The United Reformed Church in Whitchurch can now be converted into flats after plans were approved by the council.

The Grade II-listed church in Dodington is set to be converted into eight new apartments after receiving planning permission from Shropshire Council.

There has been a church at the site for more than 200 years after the United Reformed Church split from the Presbyterian congregation, who had premises on the other side of Dodington, in 1797.

The following year they converted a leather maker's small currier shop to serve as their chapel.

This was enlarged and fitted out as a chapel in 1813 and the vestry was enlarged in 1815 with a schoolroom added on the first floor.

The building is also famous for its links with the composer Edward German as his father, John David Jones, was the organist and choirmaster of the church for more than 30 years.

The plans submitted by RPS Designs on behalf of their client Matthew Caplan, will see the creation of four, two-bedroom flats and four one-bedroom flats at the site.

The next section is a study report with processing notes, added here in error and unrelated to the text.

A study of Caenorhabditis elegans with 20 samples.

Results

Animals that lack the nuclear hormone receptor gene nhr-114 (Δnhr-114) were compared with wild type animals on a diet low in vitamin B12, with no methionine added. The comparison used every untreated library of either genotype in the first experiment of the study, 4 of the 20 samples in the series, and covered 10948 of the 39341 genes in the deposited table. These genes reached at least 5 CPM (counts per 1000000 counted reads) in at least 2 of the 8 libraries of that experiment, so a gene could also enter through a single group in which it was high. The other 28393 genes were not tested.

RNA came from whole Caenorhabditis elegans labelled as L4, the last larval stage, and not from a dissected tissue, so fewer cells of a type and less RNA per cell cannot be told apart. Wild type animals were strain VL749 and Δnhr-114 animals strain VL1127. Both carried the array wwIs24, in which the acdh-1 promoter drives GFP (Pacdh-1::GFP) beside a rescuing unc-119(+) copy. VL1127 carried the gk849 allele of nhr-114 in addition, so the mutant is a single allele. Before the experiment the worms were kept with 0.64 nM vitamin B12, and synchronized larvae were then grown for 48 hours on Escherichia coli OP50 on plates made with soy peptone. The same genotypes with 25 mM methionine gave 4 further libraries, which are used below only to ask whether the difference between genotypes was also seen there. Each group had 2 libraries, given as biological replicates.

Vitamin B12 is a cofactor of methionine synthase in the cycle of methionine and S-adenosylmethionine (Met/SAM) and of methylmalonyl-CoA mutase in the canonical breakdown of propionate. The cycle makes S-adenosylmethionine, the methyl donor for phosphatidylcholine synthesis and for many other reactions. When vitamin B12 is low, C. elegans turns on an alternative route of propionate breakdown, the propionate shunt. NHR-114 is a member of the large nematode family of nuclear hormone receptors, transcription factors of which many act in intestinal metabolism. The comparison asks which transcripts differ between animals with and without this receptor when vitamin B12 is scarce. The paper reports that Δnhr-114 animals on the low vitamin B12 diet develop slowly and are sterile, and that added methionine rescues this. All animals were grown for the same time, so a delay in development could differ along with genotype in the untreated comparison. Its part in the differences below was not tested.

The plans would see a “new mezzanine floor to be provided above existing gallery level within the church” and “existing pews to be removed and re-purposed on site as either in-apartment furniture or as illustrative pews on the new ‘gallery’ within the communal area”.

The plans would see much of the exterior remining “unchanged and where required, only be repaired through conservation techniques".

The planning officer who reviewed the application said: “The conversion of the listed building would not require significant rebuilding and would be acceptable in principle.

“It is acknowledged that the building has been vacant for many years and although there have been uses previously supported and alterations associated to the reuse of the building, none of them appear to have been able to ensure the long-term use of the building, which ultimately will ensure the building is maintained and retained for future generations.

“The less than substantial harm that would occur to the heritage assets would be outweighed by the public benefits, with the primary benefit being the sensitive, adaptive reuse of the redundant barns to secure their long-term future.

“The development would furthermore cause no undue harm to the character of the wider area and would not adversely affect the amenities of neighbouring occupiers, highway safety, protected species.

“As such the application is recommended for approval.”